14 January 2013 by Laurie Sparks
At the turn of the century it was evident that most present-day data centers were entering a palaeontology cycle, and that a dynasty of new-age replacements was already in the process of turning soil in prospective areas across the world.
Westpac Group was always going to be one of the leaders in this space. Regarded as a leading global financial services company, Westpac’s efforts go further than delivering in its key business areas. It is also a global leader for banks in the Dow Jones Sustainability Index, and has been since 2002.
Westpac initiated its Strategic Investment Priorities (SIPs) in 2009. One of these SIPS was dedicated to establishing a new data center and upgrading an existing one, thereby commencing a consolidation of nine sites to just two modular and scalable facilities totalling 6,000 sq m with a capacity to support 6MW of IT load. These data centers have been rated at a Tier III capability and are presently referred to as Primary and Secondary.
The significance of this ‘legacy’ reference is that Westpac Group has a much longer-term strategy where the data centers will become just one component of a ‘virtual’ fabric. Without decreasing any level of availability or capability, the Tier-rating will be replaced by a level of redundancy governed by the purpose of sustainability (resilience and robustness) across the entire design and architecture of the IT infrastructure (‘fabric’).
While the design and architecture is an underlying foundation, also paramount is the discipline of ensuring that every building block is cohesive and equally responsive in its performance, maintainability and recoverability.
For Westpac Group, having ITIL (for IT service management) and COBIT (a framework for governance) as standards is imperative and for its data centers the introduction of the EU Code of Conduct (Best Practice for Data Centres) under the CEEDA (Certified Energy Efficiency Datacentre Award) umbrella has strengthened that composition.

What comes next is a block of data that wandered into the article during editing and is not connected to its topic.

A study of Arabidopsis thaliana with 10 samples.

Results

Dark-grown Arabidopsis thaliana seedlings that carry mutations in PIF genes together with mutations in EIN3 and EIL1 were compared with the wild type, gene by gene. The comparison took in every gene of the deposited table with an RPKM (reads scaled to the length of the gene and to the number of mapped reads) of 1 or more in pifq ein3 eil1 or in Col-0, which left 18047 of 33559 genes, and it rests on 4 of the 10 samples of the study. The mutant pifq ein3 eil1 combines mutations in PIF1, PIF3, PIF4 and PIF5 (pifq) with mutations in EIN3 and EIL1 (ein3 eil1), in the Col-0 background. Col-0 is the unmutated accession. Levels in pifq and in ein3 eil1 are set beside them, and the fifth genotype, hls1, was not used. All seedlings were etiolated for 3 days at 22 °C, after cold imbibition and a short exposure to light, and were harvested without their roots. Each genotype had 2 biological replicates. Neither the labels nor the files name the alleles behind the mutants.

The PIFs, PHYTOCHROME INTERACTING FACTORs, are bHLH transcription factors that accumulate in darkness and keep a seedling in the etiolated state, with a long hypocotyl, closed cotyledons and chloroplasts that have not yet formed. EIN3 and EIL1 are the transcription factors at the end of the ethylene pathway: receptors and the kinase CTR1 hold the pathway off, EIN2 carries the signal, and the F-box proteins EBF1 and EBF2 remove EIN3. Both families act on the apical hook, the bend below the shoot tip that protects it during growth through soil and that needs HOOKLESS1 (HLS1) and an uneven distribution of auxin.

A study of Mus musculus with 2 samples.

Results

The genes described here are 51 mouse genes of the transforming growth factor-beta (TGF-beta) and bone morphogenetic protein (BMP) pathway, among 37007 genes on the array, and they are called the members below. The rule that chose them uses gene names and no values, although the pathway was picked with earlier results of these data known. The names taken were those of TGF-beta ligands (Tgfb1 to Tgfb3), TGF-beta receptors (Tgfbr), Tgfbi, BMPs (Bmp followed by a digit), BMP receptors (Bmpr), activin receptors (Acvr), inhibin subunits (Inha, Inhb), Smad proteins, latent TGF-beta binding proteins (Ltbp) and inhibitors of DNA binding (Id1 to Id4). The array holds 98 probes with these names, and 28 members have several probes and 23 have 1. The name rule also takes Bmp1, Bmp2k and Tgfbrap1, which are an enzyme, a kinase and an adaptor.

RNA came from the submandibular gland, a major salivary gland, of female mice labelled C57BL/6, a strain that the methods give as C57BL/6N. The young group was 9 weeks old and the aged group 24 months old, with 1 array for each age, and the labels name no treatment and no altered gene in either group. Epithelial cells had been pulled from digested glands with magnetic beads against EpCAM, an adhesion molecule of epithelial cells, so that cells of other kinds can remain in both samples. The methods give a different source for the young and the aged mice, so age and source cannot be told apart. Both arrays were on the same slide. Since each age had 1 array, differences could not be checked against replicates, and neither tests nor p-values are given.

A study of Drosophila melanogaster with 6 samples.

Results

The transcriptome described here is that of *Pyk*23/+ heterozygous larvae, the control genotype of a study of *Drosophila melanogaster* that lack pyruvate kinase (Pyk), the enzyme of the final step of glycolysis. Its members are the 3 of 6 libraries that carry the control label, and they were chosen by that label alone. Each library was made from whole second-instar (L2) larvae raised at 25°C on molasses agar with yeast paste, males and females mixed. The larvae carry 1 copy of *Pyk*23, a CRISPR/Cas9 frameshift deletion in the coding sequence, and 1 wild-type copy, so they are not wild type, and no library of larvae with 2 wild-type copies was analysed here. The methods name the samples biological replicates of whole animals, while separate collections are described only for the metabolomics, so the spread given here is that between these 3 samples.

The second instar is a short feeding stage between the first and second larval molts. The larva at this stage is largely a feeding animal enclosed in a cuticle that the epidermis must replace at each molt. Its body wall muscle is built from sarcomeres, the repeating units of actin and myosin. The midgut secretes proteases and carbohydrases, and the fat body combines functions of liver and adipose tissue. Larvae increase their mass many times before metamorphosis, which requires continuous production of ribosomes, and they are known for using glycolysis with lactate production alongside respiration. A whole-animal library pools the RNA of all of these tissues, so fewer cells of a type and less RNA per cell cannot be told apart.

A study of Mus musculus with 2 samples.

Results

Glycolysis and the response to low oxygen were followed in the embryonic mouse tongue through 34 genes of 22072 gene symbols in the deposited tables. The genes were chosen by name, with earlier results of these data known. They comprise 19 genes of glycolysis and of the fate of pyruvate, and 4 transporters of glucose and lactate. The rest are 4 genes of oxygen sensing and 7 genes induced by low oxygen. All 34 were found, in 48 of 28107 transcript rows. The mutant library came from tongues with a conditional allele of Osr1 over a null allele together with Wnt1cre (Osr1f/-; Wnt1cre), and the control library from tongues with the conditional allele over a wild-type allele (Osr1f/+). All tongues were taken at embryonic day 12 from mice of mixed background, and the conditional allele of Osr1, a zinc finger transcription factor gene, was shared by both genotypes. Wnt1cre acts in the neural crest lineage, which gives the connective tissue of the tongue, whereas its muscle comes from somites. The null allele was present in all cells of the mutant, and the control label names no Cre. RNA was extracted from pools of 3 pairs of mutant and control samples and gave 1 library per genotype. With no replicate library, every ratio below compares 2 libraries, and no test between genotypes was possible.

This framework is an essential element to assist in addressing efficiency, where the applications are architected to perform in a fully integrated manner with Westpac’s Information Technology (IT) Standard, and where software and hardware form part of the IT Procurement Policy under the IT Strategy.
Westpac Group views the data center environment as being the place where science and engineering merge, with the infrastructure delivering power and cooling in an efficient manner under the guiding principles of Data Centre Infrastructure Management (DCIM) to meet the demand specified by the groupings of technology.
Through the deployment of DCIM and with the combined features of the technology, the data center engineers are able to centralize the collection and analysis of data and interpret this for ongoing fabric improvements and to convert IT into a form of data center economics (ROI and TCO). And so the cycle continues.
The availability of this data/metric provides Westpac Group with two major benefits. First the ability to benchmark its own performance on a regular basis; second the support of government regulatory requirements which necessitates NGER (National Greenhouse Emission Report) and EEO (Energy Efficient Opportunity) reporting for companies such as Westpac Group, where the data center environment represents 17% of our overall emissions.
The inclusion and application of CEEDA as a discipline across the fabric provides data centres with the independence and a voice in helping in the construction of business cases and budgets that will have as its center-piece the benefit of sustainability and efficiency.
CEEDA has been developed to enable data center operators or organizations to demonstrate their commitment to enhancing energy efficiency and reducing carbon emissions.
The program provides the data center with a comprehensive report and detailed action plan.
That then becomes the roadmap for the business, providing constructive measures that can be used to further meet best practices.
BCS, The Chartered Institute for IT, owns and manages the CEEDA program and data centers can be assessed by a BCS Accredited Program Provider (APP). Currently the primary APP is DCProfessional Development.